Monetary policy always had an air of the mystical. The past is filled with fallen sages like Alan Greenspan, inflation-warriors like Paul Volcker and gurus like Milton Friedman.
Yet, no central bank has ever elevated mythology quite like the Reserve Bank of New Zealand.
Whether the Kiwi central bank’s spiritualism will help it fight the stagflation monster is a different question.
International analysts might be confused by the publications coming out of the RBNZ. Where other central banks produce sober-looking documents, the RBNZ’s latest annual report could almost pass for a tourism promotion brochure. Beautiful pictures of nature, colourful illustrations, smiling children, kayakers and office workers grace the pages.
The centrepiece in this collage is Tāne Mahuta, the fabled tree god of Māori mythology. The RBNZ has chosen him to represent its chosen purpose: “For many decades Te Pūtea Matua, the Reserve Bank of New Zealand, has stood as kaitiaki (guardian) to Tāne Mahuta, the financial ecosystem of Aotearoa”, the Bank tells us.
And so, the RBNZ explains its role with terms like ‘Te Toto – Sap’ when they refer to “our money, our foreign reserves”. Or ‘Te Tariwai’, meaning the vascular system, where other central banks would talk about payment and settlement systems.
This would all be quirky but harmless if it was just some marketing gloss applied to a conventional central bank.
Unfortunately, there is nothing conventional about the RBNZ anymore. And that is biting the bank now that it has to defend faith in the Kiwi dollar.
Until a few years ago, the RBNZ was a central bank like many others: led by bureaucrats, speaking the language of finance, and almost as intent on being boring as on pursuing its single objective: price stability.
All that changed when New Zealand elected a new government in 2017. First, the Labour-led coalition appointed a flamboyant new governor, Adrian Orr. Then it tasked the RBNZ with also keeping an eye on house prices. And finally, it widened its formal mandate to include “maximum sustainable employment”.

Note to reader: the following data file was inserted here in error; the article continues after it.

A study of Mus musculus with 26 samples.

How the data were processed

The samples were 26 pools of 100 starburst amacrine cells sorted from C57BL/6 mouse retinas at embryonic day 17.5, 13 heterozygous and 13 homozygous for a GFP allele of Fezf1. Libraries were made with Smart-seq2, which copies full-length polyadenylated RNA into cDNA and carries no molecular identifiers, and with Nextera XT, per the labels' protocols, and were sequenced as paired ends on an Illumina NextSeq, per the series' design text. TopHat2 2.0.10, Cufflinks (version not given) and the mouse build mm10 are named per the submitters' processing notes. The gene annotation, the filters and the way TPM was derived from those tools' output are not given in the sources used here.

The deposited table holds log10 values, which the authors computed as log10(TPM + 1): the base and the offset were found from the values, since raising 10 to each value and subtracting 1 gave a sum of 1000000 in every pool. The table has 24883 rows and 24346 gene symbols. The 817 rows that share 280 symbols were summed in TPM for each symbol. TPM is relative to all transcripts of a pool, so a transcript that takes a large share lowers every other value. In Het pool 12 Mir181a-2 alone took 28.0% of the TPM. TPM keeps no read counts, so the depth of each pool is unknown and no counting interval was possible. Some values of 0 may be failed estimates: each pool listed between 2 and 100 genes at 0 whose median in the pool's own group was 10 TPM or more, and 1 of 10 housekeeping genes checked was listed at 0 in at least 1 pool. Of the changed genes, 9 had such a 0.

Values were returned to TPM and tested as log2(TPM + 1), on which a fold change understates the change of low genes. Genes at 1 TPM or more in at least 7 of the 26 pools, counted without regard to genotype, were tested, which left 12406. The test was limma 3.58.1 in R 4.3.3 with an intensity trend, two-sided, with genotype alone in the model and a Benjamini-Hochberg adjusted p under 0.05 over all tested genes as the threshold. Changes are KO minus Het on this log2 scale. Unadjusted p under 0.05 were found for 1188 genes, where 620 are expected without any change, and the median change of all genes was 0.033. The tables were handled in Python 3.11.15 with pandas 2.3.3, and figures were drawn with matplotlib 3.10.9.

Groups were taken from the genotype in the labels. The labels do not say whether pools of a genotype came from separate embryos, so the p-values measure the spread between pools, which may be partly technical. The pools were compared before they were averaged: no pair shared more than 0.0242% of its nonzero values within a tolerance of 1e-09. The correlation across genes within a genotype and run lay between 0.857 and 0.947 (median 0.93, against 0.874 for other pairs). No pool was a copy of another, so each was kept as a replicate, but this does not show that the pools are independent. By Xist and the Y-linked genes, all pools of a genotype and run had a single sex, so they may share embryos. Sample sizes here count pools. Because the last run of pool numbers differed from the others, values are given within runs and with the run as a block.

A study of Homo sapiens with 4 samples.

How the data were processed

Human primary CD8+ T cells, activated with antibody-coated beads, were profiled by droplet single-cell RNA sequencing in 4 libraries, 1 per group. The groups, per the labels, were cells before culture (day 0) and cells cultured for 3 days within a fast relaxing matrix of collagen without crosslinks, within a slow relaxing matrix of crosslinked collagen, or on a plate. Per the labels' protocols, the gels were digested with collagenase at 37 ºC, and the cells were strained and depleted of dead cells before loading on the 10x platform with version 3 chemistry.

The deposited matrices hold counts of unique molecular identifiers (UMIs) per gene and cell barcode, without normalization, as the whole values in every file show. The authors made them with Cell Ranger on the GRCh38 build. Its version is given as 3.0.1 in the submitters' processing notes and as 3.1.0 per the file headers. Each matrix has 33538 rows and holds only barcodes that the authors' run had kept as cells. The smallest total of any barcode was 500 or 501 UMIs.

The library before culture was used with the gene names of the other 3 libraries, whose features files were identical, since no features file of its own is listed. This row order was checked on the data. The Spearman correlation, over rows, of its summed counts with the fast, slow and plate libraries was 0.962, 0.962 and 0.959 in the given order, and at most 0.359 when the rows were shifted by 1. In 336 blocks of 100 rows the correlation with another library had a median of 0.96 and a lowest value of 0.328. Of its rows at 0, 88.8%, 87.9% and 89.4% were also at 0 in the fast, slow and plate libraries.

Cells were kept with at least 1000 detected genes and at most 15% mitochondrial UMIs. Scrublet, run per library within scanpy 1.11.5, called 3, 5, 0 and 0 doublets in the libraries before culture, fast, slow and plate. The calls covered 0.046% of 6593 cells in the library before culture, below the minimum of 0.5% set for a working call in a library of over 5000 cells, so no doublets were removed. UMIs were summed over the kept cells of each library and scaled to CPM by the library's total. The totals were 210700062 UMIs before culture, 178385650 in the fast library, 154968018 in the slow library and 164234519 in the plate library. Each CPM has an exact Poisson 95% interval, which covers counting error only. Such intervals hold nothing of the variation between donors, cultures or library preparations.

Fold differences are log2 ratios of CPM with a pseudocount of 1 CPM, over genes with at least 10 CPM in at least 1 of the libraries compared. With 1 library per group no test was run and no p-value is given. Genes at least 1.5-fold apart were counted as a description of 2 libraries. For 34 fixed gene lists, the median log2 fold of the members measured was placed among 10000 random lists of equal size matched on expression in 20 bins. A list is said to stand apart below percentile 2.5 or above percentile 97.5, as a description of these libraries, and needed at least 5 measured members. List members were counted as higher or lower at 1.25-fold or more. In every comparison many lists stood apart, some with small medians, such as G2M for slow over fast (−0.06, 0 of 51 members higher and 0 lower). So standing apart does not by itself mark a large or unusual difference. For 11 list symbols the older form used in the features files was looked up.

The combination of the three has revolutionised New Zealand central banking.
Since his appointment in early 2018, Governor Orr has made his mark on every aspect of the RBNZ. A new Tāne Mahuta inspired logo replaced the RBNZ’s old coat of arms. The Bank created an international Network for Indigenous Inclusion. It published its own climate change strategy. It told the government about its expectations for infrastructure investment. All worthwhile objectives, of course, just not what a conventional central bank would do.
RBNZ’s expanding portfolio of activities led to an explosion in staff. The RBNZ’s personnel numbers have climbed from 255 full-time equivalents in 2018 to 411 in 2021 – or from $32 million to $54.3 million in salaries.
The problem with the RBNZ’s growth is not just that it has turned its attention to political issues for which it has no primary responsibility. At the same time, it has neglected its core mandate. As an example, in its last Annual Report, published in October 2021, it used the word ‘climate’ 45 times and ‘carbon’ 23 times. On the other hand, ‘inflation’ got only 14 mentions and ‘price stability’ a mere four.
Not all the RBNZ’s confusion is the Bank’s fault, though. Minister of Finance Grant Robertson has to take some responsibility, too. For it was Robertson who gave the RBNZ the so-called dual mandate of price stability and full employment.
Economists have known since the 1970s that central banks cannot choose between inflation and unemployment (at least not in the long run). The wide consensus of the profession is that central banks should target inflation – and only inflation. Nevertheless, the New Zealand Government imposed an employment target on the RBNZ.
This has made the RBNZ err on the side of stimulus. Especially during the Covid crisis, the RBNZ embarked on one of the most aggressive programs of quantitative easing (vulgo: money printing) anywhere in the world.
The result of all these distractions is a New Zealand inflation rate that has now shot up to 6.9 per cent. It would have been even higher had the Government not artificially lowered fuel prices through a temporary fuel duty cut.
As the RBNZ now frantically lifts its cash rate to quell the inflation storm, it realises substantial losses on the assets it purchased with its earlier quantitative easing program.
Fortunately for the RBNZ, the Government has indemnified it against all such losses (currently more than NZ$8.3 billion). Without it, the Bank would now be in negative equity to the tune of 6 per cent of its balance sheet. Unfortunately, the RBNZ’s indemnity means that means taxpayers must now pay for these losses.
New Zealand faces a significant monetary challenge. Inflationary pressures are being exacerbated by the government’s continued increase in expenditures, as shown in last week’s Budget.
Meanwhile, thanks to all of its political activism, the RBNZ has lost its street cred for maintaining price stability. That means the RBNZ has to work doubly hard to rein in inflation. It needs to overcome its self-inflicted reputational issues while also counteracting the government’s fiscal stimulus.
In Māori mythology, the hero Māui once used a magic jawbone to slow the sun. If New Zealand is to avoid galloping inflation, the RBNZ governor will need to devise some similar trickery soon.
And if he cannot do that, conventional economics might help.